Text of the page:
Laila Majnu Reviews (Top Critics)
By Ankita Chaurasia (4/5)

Filmmakers have been exploring tragic love stories since ages. There's something about lovers pining for each other and not being able to be together that tugs at the heartstrings of the audience and spells good business for the makers. No wonder then that Bollywood loves love stories that end on a sad note. Laila Majnu, directed by Sajid Ali, is another film in the genre.


Laila Majnu is a love story, but nothing like anything you've seen before. It's about the love that, if not inexistent, is rare. The famous Persian legend that tells the tale of an unending love between Laila and Majnu is rehashed in this contemporary version by Sajid Ali. Written by his superbly talented filmmaker brother Imtiaz Ali, Laila Majnu is a story that will take you to a different realm of love. With a bit of faults here and there, the film is a must watch, for Bollywood has long been short of such love stories.


What do you say about a film that contains the most exasperating thirty minutes as well as the most enthralling thirty minutes of the year? For anyone vaguely abreast with the legacy of romance in contemporary Hindi cinema, it might hardly be surprising to learn that Imtiaz Ali is involved here. Of course he had to be the co-writer of a love story that has been told so often over so many generations across so many mediums.


The eternal love story of Laila and Majnu has fascinated people over the centuries across several countries. In Bollywood itself, some 4-5 films have been made on the lovers, that too since the time of silent films era. Now Imtiaz Ali presents a film on this topic directed by his brother Sajid Ali in association with Ekta Kapoor. Imtiaz is known for his intense love stories and has shown obsessive characters in the past and Laila-Majnu's tale is also on similar lines.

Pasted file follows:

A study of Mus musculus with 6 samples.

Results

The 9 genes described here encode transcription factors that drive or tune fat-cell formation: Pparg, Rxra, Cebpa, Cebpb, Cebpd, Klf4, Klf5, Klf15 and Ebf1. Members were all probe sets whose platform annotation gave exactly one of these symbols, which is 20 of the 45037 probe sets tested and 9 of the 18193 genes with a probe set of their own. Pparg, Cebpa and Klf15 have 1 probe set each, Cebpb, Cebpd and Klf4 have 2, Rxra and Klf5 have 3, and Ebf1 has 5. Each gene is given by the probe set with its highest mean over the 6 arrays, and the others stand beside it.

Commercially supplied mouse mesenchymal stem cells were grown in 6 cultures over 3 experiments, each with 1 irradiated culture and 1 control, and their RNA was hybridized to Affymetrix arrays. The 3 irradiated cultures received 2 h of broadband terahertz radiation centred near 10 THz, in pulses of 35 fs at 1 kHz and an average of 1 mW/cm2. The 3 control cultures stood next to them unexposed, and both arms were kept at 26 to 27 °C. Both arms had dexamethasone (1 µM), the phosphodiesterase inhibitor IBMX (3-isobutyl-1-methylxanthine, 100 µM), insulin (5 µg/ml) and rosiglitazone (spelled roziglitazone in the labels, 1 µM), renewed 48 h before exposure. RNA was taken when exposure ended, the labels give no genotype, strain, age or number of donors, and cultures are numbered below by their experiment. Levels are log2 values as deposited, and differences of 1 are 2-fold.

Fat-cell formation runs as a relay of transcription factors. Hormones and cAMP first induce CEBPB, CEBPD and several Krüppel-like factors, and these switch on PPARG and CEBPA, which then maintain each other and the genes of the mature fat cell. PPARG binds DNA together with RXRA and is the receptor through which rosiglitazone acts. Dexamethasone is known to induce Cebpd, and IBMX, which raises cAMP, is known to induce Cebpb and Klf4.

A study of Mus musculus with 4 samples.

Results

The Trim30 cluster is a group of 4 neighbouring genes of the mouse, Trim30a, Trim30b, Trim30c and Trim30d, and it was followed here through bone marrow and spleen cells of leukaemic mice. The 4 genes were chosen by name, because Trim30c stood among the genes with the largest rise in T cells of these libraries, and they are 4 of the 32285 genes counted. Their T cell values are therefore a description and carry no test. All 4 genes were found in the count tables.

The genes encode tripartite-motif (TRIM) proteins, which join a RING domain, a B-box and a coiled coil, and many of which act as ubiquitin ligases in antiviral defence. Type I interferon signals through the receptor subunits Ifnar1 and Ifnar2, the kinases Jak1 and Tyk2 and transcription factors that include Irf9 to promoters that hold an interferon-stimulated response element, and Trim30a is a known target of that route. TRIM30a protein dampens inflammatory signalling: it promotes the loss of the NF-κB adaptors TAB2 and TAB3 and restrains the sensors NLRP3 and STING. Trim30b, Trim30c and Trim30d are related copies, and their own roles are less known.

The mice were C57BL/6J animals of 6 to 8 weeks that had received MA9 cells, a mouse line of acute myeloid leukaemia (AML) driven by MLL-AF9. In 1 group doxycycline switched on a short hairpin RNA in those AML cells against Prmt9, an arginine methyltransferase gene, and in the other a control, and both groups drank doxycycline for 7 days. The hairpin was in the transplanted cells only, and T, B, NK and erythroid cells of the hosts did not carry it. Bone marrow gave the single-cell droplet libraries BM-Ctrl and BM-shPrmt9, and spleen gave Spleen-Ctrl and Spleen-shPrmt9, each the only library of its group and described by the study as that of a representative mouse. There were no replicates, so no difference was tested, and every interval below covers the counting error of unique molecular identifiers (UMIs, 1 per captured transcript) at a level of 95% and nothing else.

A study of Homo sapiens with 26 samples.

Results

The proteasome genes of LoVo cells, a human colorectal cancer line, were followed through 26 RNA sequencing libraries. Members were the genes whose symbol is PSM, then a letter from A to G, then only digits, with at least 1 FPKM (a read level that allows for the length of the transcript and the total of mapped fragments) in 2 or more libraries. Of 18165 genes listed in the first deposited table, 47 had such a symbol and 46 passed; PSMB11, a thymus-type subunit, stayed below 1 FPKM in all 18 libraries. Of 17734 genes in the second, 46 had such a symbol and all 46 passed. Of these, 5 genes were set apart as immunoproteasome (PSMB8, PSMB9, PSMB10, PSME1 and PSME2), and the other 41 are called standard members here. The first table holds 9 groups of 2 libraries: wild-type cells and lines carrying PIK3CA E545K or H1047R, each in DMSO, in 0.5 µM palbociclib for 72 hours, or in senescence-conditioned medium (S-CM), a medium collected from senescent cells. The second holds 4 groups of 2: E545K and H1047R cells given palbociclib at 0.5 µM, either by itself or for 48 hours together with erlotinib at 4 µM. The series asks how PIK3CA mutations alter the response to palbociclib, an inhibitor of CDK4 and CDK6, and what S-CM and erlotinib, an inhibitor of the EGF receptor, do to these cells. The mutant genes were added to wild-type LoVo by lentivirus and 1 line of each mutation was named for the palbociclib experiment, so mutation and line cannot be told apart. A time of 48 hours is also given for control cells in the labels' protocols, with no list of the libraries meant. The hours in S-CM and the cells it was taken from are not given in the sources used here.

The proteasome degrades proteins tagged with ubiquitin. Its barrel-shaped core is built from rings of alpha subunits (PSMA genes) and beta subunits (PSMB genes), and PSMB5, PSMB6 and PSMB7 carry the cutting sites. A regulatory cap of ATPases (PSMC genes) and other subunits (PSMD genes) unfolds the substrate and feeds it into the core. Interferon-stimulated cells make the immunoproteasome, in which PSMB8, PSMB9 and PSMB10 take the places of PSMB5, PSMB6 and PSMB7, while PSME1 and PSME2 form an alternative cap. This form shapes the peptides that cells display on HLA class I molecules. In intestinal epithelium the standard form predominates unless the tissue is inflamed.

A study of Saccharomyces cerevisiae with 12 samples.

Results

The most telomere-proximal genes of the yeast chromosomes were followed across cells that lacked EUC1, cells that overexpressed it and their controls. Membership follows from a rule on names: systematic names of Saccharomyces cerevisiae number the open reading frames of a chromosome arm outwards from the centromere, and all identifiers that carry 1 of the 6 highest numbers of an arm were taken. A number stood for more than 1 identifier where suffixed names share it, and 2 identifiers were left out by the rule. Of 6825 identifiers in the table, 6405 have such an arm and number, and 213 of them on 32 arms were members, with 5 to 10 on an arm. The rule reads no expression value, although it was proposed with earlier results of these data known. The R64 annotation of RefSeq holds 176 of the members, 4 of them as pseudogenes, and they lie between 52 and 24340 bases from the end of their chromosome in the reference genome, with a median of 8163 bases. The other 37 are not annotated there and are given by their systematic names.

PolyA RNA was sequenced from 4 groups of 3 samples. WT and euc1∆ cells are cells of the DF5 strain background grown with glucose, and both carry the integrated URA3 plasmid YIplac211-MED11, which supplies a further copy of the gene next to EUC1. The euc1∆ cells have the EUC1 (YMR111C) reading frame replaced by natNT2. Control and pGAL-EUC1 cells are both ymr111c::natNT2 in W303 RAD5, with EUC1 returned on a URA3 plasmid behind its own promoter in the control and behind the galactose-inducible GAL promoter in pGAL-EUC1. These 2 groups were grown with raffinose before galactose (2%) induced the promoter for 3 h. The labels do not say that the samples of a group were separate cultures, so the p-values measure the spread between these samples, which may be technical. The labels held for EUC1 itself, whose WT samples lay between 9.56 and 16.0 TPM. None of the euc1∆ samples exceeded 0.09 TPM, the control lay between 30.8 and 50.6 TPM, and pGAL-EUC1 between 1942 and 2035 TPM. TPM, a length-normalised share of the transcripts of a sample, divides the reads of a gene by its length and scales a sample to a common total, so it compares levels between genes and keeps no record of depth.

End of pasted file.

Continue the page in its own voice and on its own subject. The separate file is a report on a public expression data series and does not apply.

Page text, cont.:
In his 12th movie as a writer, Imtiaz Ali introduces his brother Sajid in the modern update of the Persian poet Nizami Ganjavi's virgin' love between the 7th century Bedouin poet Qays and Layla, in India's 10th movie on the star crossed lovers - LAILA MAJNU that continues to give an example of 'dewangi' (madness) for your beloved more on craziness, pain and suffering then devotionally/spiritually sufi.


The unrequited love story of Laila Majnu, said to be of Arabic origins, has over eons fired the imagination of masses the world over. It's one of the most-told tales both in the written as well as in oral form. Films have been made on in before too. There is a 1953 version starring Shammi Kapoor and Nutan and a 1979 version starring Rishi Kapoor and Ranjeeta.


The movie starts on a very awkward sequence where the guys in Kashmir stalk Laila (Tripti Dimri). Introduced as a girl who has a reputation of dude-magnet in the city, Laila is quirky & wants to live her life at the fullest. Enters Qais Bhatt (Avinash Tiwary), son of the rival of Laila's father & a charmer.


The ancient Middle Eastern folktale of Laila and Qais (a.k.a. Majnun/Majnu, The Obsessed One, The Crazed One) is so deeply embedded in the Indian cultural consciousness that it has been adapted by film makers in various languages right from the silent era. In this latest retelling, writer-director Sajid Ali - whose famous sibling Imtiaz has co-written the film and is its presenter - chooses contemporary Kashmir as the setting.


In Sajid Ali's directorial debut Laila Majnu, Shaw's wisdom is intertwines with a far older source of star-crossed love to occasionally stunning effect. The 140-minute movie, written by Sajid Ali and his brother, the director and perennial romantic Imtiaz Ali, sticks to the broad contours of the original Persian romance even as it makes key departures.

By Shalini Langer (1/5)

There is only one true love in this film, and that is what Imtiaz Ali surely has for brother Sajid. For, no one goes from a dud called Jab Harry Met Sejal to a bigger dud like Laila Majnu but for some true brotherly love. Unless it is the lack of ideas. Jab Harry Met Sejal married the titles of one of Hollywood's most effervescent romances, and that of Imtiaz Ali's best work. Laila Majnu goes back more than 2,000 years.

By Reza Noorani (3/5)

Laila is a free-spirited girl from a conservative family who firmly believes in living for the present. Qais, a spoilt brat, falls head over heels in love with her. Their families, however, are warring over property, which leads to self-destruction, pain and bleeding hearts.

By Raja Sen (3.5/5)

Laila Majnu has a fair bit of this. Directed by Sajid Ali from a script by his illustrious brother Imtiaz Ali, here is a romantic drama that has the capacity to surprise. This is no small feat considering we have known of the age-old Persian legend about the star-crossed lovers for longer than we can remember, and it has been interpreted by artists as far removed as Rishi Kapoor, Orhan Pamuk and Eric Clapton.